The new single from Jack Cheshire’s sensational album Fractal Future Plays, is released this Friday, June 25th. However, we are delighted to bring you the premiere of ‘Mystery Train’ today, four days ahead of release.
The new track is propelled by a muscular picked bassline, atmospheric swirling synths and Cheshire’s whoozy mercurial croon. Sonically, the track lies somewhere between Echo & the Bunnymen’s ‘Porcupine’ and Beck’s ‘Modern Guilt’, with minimalist crystalline guitars cascading over Jon Scott’s deft vintage drum tones. The song inhabits a strange and haunted corner of the multiverse – ‘Underneath the Perspex Moon, Wormholes converge in your room’ – one that’s disintegrating before your very eyes. Lyrically the song unfolds like a fever dream sequence, exploring the ‘white noise’ of existence, volatile fragmentary layers of self and the detached nature of modern life.
“This song was born out of a weird time when I was pretty numb and nihilistic, living deep in my own head, wandering around in some kind of fugue state”, Cheshire explains. “A bad break up and too much doom scrolling left me open to any and all possibilities, taking whichever path that would present itself without really caring too much about the consequences. Oscillating between high and low without any ballast to keep me grounded, I think I was just a bit lost.”
Inspired by the concept of Multiverse, time corridors, the Astral Plane and dystopian rabbit hole our world appears to have headed down, Jack Cheshire’s fifth album, is a unique and bewitching brew. Elements of art pop, psychedelia, space rock, jazz plus the wide-eyed psych folk Cheshire has become known for combine to great effect. This is the sound of an artist hitting his stride; a haunting and cosmic ride through a cluster of shimmering constellations and heady psychic landscapes.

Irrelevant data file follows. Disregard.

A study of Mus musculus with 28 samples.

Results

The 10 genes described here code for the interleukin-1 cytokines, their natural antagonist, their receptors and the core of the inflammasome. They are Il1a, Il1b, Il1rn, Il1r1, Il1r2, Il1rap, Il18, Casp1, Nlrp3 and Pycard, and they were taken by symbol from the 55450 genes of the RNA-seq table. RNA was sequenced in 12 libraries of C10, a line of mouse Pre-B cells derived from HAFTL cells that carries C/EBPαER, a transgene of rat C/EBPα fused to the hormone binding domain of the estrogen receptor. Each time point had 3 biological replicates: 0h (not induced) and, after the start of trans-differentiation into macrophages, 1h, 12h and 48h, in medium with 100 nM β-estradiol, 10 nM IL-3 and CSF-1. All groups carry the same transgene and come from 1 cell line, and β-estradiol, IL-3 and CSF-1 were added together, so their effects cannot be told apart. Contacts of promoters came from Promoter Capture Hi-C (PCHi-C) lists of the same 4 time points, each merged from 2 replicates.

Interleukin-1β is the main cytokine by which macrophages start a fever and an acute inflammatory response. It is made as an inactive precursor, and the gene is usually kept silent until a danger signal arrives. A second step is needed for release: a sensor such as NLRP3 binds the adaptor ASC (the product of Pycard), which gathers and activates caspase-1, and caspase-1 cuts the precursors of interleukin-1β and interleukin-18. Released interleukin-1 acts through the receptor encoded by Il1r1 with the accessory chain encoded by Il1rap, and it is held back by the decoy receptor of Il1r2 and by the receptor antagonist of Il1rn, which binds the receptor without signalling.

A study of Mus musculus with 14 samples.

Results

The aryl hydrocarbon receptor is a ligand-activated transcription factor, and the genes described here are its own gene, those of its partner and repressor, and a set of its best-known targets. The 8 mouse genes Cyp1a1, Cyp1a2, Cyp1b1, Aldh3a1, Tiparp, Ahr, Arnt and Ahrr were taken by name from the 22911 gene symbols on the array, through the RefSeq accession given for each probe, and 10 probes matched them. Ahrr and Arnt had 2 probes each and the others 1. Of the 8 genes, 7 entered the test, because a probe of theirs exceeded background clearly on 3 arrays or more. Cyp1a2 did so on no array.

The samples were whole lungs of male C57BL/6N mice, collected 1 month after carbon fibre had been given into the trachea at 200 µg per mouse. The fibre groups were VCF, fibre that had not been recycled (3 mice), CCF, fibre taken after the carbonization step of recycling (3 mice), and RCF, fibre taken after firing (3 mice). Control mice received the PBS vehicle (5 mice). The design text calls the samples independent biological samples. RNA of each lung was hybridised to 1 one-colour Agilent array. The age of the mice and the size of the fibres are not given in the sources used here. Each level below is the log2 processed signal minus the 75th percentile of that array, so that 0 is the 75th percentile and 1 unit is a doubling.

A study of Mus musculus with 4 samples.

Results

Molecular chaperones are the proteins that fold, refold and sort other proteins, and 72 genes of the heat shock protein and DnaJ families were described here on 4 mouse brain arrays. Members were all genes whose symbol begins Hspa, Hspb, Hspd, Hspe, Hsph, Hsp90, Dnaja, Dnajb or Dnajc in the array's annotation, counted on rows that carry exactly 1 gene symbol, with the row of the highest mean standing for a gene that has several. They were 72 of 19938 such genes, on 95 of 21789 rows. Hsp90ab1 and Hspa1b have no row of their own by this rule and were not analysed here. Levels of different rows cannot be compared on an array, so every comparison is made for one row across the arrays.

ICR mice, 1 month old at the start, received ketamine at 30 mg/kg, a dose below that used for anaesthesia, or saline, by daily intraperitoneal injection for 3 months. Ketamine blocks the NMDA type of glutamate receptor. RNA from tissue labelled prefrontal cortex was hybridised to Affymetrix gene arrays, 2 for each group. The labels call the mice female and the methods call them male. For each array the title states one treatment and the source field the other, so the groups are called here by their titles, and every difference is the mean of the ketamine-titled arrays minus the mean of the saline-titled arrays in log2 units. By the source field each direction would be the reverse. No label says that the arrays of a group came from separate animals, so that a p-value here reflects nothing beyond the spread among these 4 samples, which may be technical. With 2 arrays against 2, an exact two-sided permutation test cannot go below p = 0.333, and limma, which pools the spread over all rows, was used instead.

‘I increasingly felt as though I was an extra in an extended episode of Black Mirror. The world was going toxic and strange and it stirred up lots of cerebral sediment for me. There was a sheen of unreality to it that made me realise how complacent I’d been and how naïve I was. I found myself joking with friends; ‘we’ve gone down a dystopian wormhole, it’s not supposed to be like this.’ It made me imagine multiple timelines playing out, fractals of various imagined or lost futures.’
The album was recorded in 2019, produced by long-term collaborator // drummer Jon Scott and tracked between Jack’s house and Jon’s studio.
‘I had all these songs swimming round my head and a strong vision for the record in my mind, so Jon set me up with Reaper and got me to multi-track everything on my computer. Before long we committed to making the album together DIY. Working song by song I would arrange and record everything I had, then send it over to Jon. He’d add beats // percussion and reply with notes. We’d then exchange iterations until it was finished.’
“In the novel, Slaughterhouse 5, Vonneguts’ protagonist is abducted by aliens who experience time as a non-linear continuum; everything infinitely occurring simultaneously throughout each respective beings timeline. Once he spends enough time with them and fully grasps this concept, his perception is permanently altered and he begins to exist in the same way. He subsequently jumps between points in his life in a bewildering blur. I think, on one level, Vonnegut is using this as an allegory for trauma and our inability to fully process and move on from seismic things that have shaped our lives. The spectre of them looms wherever we are, and can overtake our current surroundings in an instant. But I also think it’s an interesting take on the passage of time, which is, after all, a human construct. He viewed us as a species in a deep and cosmic way, from a timeless and intergalactic perspective. He understood the absurdity of our constructed life templates and modes of being.
I had a dream, no doubt inspired by this, where I was guided by voices down a time corridor and visions of various moments in my life, past present and future, were playing out in infinite loops. It felt utterly real, and I was haunted by it for weeks.
Sometimes when I am halfway between sleep and consciousness, all the synapses in my brain have dilated and I am swimming through that eerie distended time. I feel like I’m in touch with disparate moments from my life, different versions of myself; as if time is an accordion that has been completely compressed, and I am floating in every chamber simultaneously. In Fractal Future Plays I am trying to channel that. It is an album inspired by time and our journey through it.”